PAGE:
Mike Warren is a quiet guy who goes to church, works hard for his family and seeks to live a Christian lifestyle. Spiritual discussions are a little different, though. Words have always gotten trapped in his throat when witnessing opportunities arose.
Throughout the year Warren and his wife Joan couldn’t help but notice how many cars remained in driveways on Sunday mornings en route to Salem Baptist Church. Those different perspectives were evident at the neighborhood’s annual Christmas party.
Last year, a pointed sermon on evangelism and homegrown witnessing tool prompted Warren to have a different outlook toward the Christmas party. He was ready to talk.
“I took about seven or eight cookies with me and handed all of those out,” Warren said. “I’d talk to them and ask if they had a church home. People were very nice and receptive.”
The cookies — called “Shapes of Faith” — were the creation of fellow church member Cecelia Smith.
Smith, an accountant by profession, doesn’t consider herself much of a cook but began baking in the mid-’90s to work around her daughter’s dairy allergies. That led to her baking and decorating cookies for friends and special events.
The hobby hit a lull in 2010 but would find a new purpose through the preaching of Smith’s pastor, Rick Statham. An evangelist by nature, Statham had been leading a class on sharing one’s faith at the McDonough, Ga., church.
“I signed up for the class because I wanted to more easily with others,” Smith said. “It wasn’t something I did consistently or with ease, but it was the desire of my heart.
“More than once during the early weeks of the class Pastor Rick would mention my talent for making decorative cookies as an example for how to reach out. Later we took a spiritual gifts survey and mine came back as evangelism. That brought a sense of personal accountability to my heart. What was I going to do about this?
“For too many years I felt I’d been too silent on sharing my faith with others.”
Warren, meanwhile, admits he’s not the type to hand out tracts or initiate conversations about God, but was stirred by one of Statham’s evangelism-rooted sermons.
“When Pastor preached the sermon that morning , I took note of the cookies and thought ‘I can do something with those.’ I didn’t want to give them to friends or family I already knew were active in church.”
Warren’s comfort level in using the cookies has much to do with the accompanying evangelistic note — written by Smith and titled “A Gift for You” — centered around the most familiar verse in Scripture: John 3:16.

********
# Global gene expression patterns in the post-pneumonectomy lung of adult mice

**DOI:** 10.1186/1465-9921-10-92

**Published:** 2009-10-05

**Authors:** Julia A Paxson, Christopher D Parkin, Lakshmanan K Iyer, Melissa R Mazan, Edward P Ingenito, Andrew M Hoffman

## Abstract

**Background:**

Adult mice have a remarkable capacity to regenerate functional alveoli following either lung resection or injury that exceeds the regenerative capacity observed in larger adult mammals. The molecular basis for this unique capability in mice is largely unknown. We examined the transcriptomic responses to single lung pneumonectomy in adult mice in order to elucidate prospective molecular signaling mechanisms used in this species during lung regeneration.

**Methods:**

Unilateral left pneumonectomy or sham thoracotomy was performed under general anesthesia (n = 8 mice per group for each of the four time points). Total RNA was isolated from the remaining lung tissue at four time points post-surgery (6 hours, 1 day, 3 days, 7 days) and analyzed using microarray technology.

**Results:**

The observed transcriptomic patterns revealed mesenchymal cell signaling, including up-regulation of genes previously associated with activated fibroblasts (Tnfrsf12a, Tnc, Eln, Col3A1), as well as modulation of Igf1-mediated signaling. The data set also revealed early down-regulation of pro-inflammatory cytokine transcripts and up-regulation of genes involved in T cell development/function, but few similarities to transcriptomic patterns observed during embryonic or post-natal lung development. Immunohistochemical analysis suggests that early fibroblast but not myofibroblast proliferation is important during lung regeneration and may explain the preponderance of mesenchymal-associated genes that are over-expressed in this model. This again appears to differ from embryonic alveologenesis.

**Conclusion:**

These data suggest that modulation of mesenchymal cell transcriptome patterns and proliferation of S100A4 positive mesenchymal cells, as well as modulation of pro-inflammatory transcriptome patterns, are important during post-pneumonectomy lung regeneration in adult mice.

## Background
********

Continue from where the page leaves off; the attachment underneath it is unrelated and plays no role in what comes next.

Originally, the gift-wrapped packets included six cookies in the shape of a heart, spot, cross, door, snowflake and gift, each reflecting a facet of John 3:16. Smith soon developed a second easier-to-distribute packet containing a single cookie in the shape of a gift that also explains the gospel.
“I took into account shapes, colors and presentation for presenting the gospel,” Smith said. “It all developed over the course of a week and resulted in a cookie gift set with a card attached.”
Church members Del Chapman and Beth Durden also spoke of the ease a simple cookie brought in sharing the gospel.
“I’ll hand them out at work to people, even salesmen and auditors,” Chapman said. “They’ve led to some really good conversations.”
Durden’s husband Terry also hands the cookies out at work. And she worked them into a larger gift set of homemade treats for the neighbors at Christmas. A TV on the fritz also provided Durden an opportunity to connect with a cable guy, who was given some cookies at the end of the house call.
“They’re a great way to put the gospel into people’s hands,” Durden noted.
Granted, few evangelistic encounters bring a salvation prayer the first time — as Mike and Joan Warren left the Christmas party one reveler was holding the cookie gift in one hand and a beer in the other while singing “O Holy Night.”
But Smith testifies to the cumulative effect of planting seeds.
“The cookies help people confidently share their faith in most any setting or situation,” she said. “I’ve given them to family, friends, pizza delivery drivers, service technicians, wait staff, sales clerks, Jehovah’s Witnesses and others in my community. I’ve never had anyone turn them down.
“One day two men came to our house to do some work and when they were finished my husband and I shared some words with them and gave them a cookie gift. Unknown to us, one of the men had been witnessing to the other. God was at work in this situation and allowed us to plant another seed.”
For more information on Shapes of Faith cookies go to www.shapesoffaith.com.
— Scott Barkley is production manager for The Christian Index (www.christianindex.org), newsjournal of the Georgia Baptist Convention, where this article first appeared.